Thursday, December 5, 2013


Community is lost in virtual communion” was the title of an editorial that appeared in the Beacon Journal last week written by Alex Beam of the Boston Globe.  It concerns a Methodist minister in North Carolina who wants to start a “virtual campus” of religious services via computer which would include Holy Communion, one of two sacraments, the other being baptism, that the Methodists recognize.  Adherents would be able to have a house Church of sorts, gathering together on line to pray under the leadership of a pastor.
The article was against this idea.  I must admit that I am not that much against it.  Not for Catholics mind you, but for much of the Protestant world I do not think it that far off track.  Once one lets go of the catholic ideal in the small “c” sense (that they may all be one John 17:21), how can one really argue against it as long as certain precautions are met.  The word catholic means universal.  For Catholics, it means one Church for all peoples, all times, everywhere.  There a ton of implications with that, far too many to go into here but which include such as unity in worship, leadership, belief, and etc.


But what if you are starting point is a division?  (Remember, I am taking this from a Catholic position, my Protestant brothers and sisters will take a very different view.)  For example, the minister cited above makes the argument that Methodism’s cofounder, John Wesley, was a radical religious innovator in the 18th century.  Part of that innovation was to break from established Church and begin something new (or old, if one believes they were returning to something original in Christ’s mission.)  A new Church was formed with its own belief system and hierarchy.  What gave them the authority to do so?  Well, one argument is that the Bible did.  The Holy Spirit did.  The teachings of Jesus did.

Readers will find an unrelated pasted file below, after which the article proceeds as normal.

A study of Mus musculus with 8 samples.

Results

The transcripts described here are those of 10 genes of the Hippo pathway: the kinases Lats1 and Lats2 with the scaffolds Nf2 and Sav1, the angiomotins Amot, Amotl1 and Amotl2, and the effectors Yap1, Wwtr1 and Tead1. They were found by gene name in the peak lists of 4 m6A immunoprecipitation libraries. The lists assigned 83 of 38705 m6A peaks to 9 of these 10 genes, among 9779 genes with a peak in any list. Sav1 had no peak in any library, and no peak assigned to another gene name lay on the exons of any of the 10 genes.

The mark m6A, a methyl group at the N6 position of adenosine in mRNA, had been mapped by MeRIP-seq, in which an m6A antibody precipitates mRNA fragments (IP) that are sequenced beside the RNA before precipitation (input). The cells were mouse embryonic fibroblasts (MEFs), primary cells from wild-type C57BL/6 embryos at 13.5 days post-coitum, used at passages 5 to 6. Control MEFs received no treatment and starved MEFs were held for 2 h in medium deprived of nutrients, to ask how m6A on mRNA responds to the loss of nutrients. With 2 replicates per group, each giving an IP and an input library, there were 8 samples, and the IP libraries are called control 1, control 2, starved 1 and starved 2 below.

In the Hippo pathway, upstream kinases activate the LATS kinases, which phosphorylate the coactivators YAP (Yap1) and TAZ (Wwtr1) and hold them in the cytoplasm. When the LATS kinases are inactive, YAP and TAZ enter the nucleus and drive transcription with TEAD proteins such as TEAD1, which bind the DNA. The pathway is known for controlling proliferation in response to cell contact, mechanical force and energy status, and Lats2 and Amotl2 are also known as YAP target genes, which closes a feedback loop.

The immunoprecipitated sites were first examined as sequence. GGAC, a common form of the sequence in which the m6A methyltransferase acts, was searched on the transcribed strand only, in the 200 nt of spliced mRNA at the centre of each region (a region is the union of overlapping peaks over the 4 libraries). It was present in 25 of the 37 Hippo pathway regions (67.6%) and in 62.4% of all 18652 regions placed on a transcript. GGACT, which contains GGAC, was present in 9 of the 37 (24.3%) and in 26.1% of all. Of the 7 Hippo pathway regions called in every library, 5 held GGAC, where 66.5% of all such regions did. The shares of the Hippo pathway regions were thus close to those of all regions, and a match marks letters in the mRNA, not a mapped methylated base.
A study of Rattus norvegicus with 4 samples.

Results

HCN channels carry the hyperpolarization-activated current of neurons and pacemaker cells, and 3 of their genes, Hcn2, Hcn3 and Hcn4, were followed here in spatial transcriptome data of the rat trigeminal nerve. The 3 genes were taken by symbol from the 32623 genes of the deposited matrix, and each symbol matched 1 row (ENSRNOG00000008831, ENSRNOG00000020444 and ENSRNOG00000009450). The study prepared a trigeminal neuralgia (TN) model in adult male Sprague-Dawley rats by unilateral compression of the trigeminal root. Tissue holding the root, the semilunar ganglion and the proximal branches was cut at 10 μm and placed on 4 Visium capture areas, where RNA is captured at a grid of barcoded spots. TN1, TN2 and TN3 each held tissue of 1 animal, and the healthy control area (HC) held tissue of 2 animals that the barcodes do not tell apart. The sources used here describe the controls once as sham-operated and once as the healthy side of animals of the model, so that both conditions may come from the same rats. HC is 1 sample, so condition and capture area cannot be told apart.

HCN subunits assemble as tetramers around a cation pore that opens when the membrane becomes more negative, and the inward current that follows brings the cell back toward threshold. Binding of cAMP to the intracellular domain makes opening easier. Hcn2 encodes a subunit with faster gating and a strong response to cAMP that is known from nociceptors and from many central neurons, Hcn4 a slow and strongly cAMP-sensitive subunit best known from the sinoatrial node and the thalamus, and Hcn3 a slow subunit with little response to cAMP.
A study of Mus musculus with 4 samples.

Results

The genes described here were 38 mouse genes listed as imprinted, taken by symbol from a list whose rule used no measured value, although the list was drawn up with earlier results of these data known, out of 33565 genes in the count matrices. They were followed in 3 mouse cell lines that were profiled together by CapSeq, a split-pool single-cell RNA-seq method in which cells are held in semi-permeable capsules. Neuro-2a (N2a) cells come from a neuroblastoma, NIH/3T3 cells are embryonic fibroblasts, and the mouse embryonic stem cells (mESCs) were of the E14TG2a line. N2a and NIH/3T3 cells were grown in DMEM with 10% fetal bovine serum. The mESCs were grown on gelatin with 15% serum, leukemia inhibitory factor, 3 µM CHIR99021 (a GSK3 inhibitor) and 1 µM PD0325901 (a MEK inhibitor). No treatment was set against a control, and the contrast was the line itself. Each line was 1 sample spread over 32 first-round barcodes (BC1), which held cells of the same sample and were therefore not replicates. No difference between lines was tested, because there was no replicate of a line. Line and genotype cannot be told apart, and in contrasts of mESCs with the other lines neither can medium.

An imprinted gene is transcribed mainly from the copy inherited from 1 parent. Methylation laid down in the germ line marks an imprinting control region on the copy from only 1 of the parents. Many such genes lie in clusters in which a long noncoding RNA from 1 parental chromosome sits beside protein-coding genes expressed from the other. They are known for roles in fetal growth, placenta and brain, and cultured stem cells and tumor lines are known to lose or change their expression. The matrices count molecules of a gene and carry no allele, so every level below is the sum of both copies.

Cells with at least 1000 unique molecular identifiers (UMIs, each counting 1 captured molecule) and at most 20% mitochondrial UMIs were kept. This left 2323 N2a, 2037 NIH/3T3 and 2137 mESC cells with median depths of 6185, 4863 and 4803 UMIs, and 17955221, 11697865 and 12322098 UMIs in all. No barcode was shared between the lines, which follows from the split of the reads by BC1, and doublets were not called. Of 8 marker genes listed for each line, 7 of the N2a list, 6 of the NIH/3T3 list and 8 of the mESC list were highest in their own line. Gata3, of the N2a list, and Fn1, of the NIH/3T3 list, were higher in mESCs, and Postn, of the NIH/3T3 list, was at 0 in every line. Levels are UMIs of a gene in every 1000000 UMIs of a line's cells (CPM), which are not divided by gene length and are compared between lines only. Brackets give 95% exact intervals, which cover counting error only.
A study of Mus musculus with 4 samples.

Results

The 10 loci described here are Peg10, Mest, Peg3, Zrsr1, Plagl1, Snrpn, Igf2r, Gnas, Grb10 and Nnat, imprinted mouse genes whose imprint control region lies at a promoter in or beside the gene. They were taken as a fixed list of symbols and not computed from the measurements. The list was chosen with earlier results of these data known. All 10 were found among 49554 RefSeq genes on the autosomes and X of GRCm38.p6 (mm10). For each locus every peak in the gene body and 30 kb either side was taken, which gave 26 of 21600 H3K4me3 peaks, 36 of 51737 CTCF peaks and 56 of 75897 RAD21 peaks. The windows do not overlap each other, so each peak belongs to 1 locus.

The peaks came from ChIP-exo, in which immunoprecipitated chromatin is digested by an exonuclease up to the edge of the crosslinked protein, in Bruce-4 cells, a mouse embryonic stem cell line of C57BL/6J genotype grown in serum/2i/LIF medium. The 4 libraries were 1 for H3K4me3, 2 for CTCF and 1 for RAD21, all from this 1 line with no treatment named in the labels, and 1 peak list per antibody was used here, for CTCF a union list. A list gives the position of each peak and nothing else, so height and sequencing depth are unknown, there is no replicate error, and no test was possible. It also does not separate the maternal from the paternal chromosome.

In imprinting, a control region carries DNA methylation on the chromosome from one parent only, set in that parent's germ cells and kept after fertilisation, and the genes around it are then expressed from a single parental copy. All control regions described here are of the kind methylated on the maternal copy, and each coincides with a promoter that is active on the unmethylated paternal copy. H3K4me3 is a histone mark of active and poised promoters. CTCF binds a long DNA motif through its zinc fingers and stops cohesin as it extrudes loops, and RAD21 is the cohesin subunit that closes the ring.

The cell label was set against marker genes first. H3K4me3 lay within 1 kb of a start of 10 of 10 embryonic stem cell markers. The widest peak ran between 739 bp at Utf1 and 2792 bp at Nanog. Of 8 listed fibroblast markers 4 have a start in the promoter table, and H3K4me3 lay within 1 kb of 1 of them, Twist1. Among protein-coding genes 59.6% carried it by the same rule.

There was in interesting religious (non-denominational Protestant) talk show on the radio a few years ago (the particulars escape me now) concerning the problem of people not showing up for Protestant services.  A man called in who said he and few other families were no longer satisfied with the Protestant churches in his area and so, after taking classes in the Bible, they decided to start their own Church.  They gather at each other’s homes on Sunday morning, sing, read Scriptures, and have a sermon that is crafted just for them.  The radio host admitted that he could not argue with him.  They were getting back to the roots of Christianity (in their view.)  Where did they get their authority to do this?  The same place that John Wesley did.
The on-line Church is just the next phase of this I would think.  Why not?  The biggest question would be why bother?  Perhaps it would be nice not to have to write your own sermon, study the Bible, or come up with your own hymns.  But instead PayPaling this minister, why not invite your two neighbors over and start your own Church?  It seems a natural evolution of the roots of the movement. 
Unless your theology is really about universal community and sacraments and Apostolic succession (as the Catholic Church holds it) and human touch and voice and unity as a corporate body connected in worship, leadership, and belief.  Then there is a problem.